Employees at Fairview Health Services' University of Minnesota Medical Center and debt-collector Accretive Health harassed sick patients, authorities say.

A Minnesota hospital company that worked with debt-collection firm Accretive Health is in hot water with the federal government over allegedly harassing sick patients for money in the emergency department and at their bedsides.

The University of Minnesota Medical Center in Minneapolis, a Fairview Health Services hospital, could get booted from Medicare and Medicaid as a consequence of these alleged activities, according to the Star Tribune. Lesser sanctions are more likely, however, the newspaper reports.

Fairview Health Services, a nonprofit hospital chain, and Accretive Health have been under intense scrutiny since April, when Minnesota Attorney General Lori Swanson issued a six-volume report accusing the companies' employees of harsh tactics including demanding payments upfront from emergency room patients and pressing bedridden patients for money.

Patients were led to believe they would be denied medical care if they didn't pay in advance or settle previous debts, Swanson's reports says. A probe by the federal Centers for Medicare and Medicaid Services uncovered similar incidents, including a woman seeking treatment for a possible heart attack who was asked for $672, according to the Star Tribune.

Federal inspection documents obtained by the Star Tribune show that the hospital repeatedly violated government rules by subjecting patients and their relatives to "abuse and harassment" during bill-collection attempts in the emergency room, labor and delivery area and other wards.

Documents obtained by the Star Tribune show patients' rights against harassment were violated and that the hospital broke a federal law forbidding poor patients from being refused treatment if they can't pay, the newspaper reported. "We are very concerned about the issues that came up and are working collaboratively with CMS to get them resolved," University of Minnesota Medical Center President Carolyn Wilson said in a written statement to the Star Tribune.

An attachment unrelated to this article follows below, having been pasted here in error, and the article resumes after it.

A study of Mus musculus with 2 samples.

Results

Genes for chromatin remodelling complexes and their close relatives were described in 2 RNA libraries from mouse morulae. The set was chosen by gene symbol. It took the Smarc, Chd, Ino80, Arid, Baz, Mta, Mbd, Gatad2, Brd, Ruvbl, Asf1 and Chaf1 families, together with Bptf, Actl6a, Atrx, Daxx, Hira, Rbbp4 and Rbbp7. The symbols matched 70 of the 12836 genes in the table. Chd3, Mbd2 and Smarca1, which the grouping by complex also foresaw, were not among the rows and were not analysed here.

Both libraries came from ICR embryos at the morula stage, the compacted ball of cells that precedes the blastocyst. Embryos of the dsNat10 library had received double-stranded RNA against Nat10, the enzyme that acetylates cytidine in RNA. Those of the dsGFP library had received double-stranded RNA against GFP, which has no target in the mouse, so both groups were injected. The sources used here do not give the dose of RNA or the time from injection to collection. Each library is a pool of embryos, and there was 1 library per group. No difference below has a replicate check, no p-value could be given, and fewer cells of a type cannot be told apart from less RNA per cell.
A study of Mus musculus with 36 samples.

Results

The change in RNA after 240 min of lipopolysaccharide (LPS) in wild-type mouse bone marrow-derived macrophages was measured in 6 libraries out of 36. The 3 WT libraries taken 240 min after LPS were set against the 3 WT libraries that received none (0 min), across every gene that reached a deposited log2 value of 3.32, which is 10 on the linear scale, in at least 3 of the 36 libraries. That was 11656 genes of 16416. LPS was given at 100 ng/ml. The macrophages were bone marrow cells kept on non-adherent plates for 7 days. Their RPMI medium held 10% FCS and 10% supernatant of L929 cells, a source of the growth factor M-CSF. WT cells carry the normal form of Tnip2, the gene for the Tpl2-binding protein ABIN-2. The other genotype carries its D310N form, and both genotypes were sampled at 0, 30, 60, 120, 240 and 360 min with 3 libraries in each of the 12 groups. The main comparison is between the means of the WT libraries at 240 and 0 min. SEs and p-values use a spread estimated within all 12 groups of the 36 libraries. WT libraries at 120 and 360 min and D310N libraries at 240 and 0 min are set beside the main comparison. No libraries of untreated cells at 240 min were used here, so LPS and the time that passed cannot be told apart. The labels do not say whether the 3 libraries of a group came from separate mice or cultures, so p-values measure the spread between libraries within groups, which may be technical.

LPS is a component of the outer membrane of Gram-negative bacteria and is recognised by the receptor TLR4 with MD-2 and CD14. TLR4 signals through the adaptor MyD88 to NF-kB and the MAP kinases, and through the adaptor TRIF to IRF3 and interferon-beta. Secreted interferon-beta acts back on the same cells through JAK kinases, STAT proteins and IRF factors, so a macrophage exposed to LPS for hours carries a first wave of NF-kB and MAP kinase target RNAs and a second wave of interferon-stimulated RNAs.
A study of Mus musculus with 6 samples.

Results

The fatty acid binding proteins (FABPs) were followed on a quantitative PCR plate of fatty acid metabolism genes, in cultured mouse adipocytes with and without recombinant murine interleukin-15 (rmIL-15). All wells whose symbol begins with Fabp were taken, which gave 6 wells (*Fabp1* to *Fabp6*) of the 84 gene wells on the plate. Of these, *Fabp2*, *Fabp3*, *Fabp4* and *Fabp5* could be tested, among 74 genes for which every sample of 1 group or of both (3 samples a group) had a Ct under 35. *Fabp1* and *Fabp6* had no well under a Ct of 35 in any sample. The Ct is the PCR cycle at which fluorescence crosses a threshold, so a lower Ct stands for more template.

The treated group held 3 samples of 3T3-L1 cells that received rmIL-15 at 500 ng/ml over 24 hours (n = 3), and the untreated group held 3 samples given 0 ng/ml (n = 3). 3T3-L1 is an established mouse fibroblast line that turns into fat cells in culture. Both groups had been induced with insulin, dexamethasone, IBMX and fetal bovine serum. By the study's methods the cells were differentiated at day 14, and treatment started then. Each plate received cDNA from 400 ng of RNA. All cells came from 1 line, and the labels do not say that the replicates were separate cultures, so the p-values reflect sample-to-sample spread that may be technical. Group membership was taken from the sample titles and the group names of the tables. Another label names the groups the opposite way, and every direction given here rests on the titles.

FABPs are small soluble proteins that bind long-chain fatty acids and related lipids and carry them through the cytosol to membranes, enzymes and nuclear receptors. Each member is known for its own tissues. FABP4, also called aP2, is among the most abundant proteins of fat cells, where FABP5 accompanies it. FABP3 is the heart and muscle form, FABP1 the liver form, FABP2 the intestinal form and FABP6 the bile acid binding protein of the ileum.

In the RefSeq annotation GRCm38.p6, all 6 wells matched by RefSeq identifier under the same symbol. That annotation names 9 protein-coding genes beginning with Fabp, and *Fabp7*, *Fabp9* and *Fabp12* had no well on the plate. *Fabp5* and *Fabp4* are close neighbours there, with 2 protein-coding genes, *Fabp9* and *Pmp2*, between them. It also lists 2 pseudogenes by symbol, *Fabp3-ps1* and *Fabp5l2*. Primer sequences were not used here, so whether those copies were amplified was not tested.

Swanson's reports and media accounts by the New York Times and other outlets sparked outrage among Democratic politicians including Minnesota Sen. Al Franken, led to new federal regulations restricting medical debt collection, and pushed the American Hospital Association to update its guidelines for billing and debt collection. A month after Swanson published her reports, Fairview CEO Mark Eustis announced he would step down.

Fairview Health Services, North Memorial Health Care and Maple Grove Hospital, which is jointly run by those two companies, outsourced billing, debt-collection, and other services to Accretive Health.

Accretive Health agreed to leave Minnesota for as long as six years and up $2.5 million in order to settle a lawsuit Swanson filed. The company continues to deny Swanson's charges that patients were strong-armed by Accretive Health employees or hospital workers operating under Accretive Health's policies.